Despite the challenges, countries are opening up, and airlines are adding to their services
The aviation sector may be far from getting back to normalcy. In fact, IndiGo CEO Ronojoy Dutta last week indicated that the country's largest airline may not reach its pre-COVID-19 levels before the mid of next year.
Internationally too, data from travel consultancy OAG show that passenger traffic in early July, despite getting better, was equivalent to the numbers way back in 1996!
But it's not all doom. Tell tale signs are beginning to emerge of the industry opening up. Globally, including in the US, Europe, Africa and Asia, airlines are slowly but surely ramping up daily flights and adding to destinations.
Which aviation markets are doing better?
A report by Airline Ratings says that nine out of the 10 biggest regional markets have been growing. Countries such as the UK, Spain, France, the US and China have shown growth up wards of 16 percent. The UK has been the fastest growing, with over 45 percent jump in capacity "week after week," says the report.
In Nigeria, five out of its nine commercial airlines restarted operations in early July.
The Indian aviation market, where the government has now increased the cap on capacity utilisation to 45 percent, is doing better than the global average. By June itself, the domestic market's capacity utilisation was higher than its international peers.
Have all airlines restarted operations?
Not really. Still, says the same report quoting OAG, about 140 airlines who had operated in January are yet to resume services. Many of them, may never.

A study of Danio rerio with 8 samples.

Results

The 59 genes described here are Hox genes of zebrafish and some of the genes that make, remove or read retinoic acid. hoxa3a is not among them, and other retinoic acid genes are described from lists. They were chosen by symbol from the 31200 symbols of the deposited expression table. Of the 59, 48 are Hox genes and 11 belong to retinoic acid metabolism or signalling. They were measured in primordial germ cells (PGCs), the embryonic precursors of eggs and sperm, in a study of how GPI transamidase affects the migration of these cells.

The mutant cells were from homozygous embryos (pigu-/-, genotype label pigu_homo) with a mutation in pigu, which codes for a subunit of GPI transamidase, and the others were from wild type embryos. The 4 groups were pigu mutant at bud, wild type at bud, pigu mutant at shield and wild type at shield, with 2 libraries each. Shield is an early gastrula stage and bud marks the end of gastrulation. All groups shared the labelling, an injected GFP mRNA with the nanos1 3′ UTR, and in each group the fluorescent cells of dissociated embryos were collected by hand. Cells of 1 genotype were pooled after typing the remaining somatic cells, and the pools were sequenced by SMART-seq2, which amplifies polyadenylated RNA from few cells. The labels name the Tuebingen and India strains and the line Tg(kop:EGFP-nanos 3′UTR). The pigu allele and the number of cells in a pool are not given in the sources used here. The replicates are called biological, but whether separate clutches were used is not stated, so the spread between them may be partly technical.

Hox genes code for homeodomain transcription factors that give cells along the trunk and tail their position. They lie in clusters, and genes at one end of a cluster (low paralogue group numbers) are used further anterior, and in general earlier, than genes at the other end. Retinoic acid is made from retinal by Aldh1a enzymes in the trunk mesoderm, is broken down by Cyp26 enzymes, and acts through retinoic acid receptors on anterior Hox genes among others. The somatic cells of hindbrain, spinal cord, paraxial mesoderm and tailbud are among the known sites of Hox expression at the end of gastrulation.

Some of the big names that may have been permanently grounded include, LATAM, Air Mauritius, South African Airways and Flybe. In India, Air Deccan halted operations in April.
Then what are the tell tale signs one is talking about?
Airlines who have managed to survive the last few months, are beginning to spread their wings. Middle Eastern airlines, including Emirates, Eithad and Air Arabia, have begun services to and from India.
Emirates, which was recently in news for its mega layoff exercise, has continued to expand its services amid the COVID-19 pandemic. On July 9, it added seven more destinations, taking the total to 58. Before the disruption caused by the pandemic, the Dubai-based airline was flying to 157 destinations.
Similarly, Lufthansa and its group carriers have now made plans to soon start using half -380 aircraft- of their fleet. In June, the airline was operating 200 fewer planes. By November, the group, which also includes the Swiss and the Austrian airlines, will cover 90 percent of its short and medium haul destinations, and 70 percent of the long haul ones.
United Airlines, which has started repatriation flights from India, will add 25,000 more flights by August. Though this will still amount to about 40 percent of its 2019 schedule, the airline is clearly seeing an uptick in demand.
These airlines continue to advise fliers about the restrictions in flying, and point out that local regulations in each country.
Which countries are allowing tourists?
On July 15, Maldives will become the latest addition to the international tourist map. The island nation is opening up for international tourists.
Earlier in the month, European Union had opened up borders for travellers from 15 countries outside the continent. These included Thailand, Canada, South Korea, Japan, Rwanda and New Zealand.
Apart from the European nations, countries in the Caribbean islands and some in Africa, are also welcoming tourists from across borders.
Can Indians start traveling?
Alas, we need to wait. For instance in Europe, the Union has excluded the US, Brazil and India from the list. The three countries now top the world in COVID-19 tally.Sure, those working in Europe or North America can go back on the flights operated under Vande Bharat Mission flights. But for those looking to take a break from the virus menace, please stay put for some more time. That would be the healthier option too.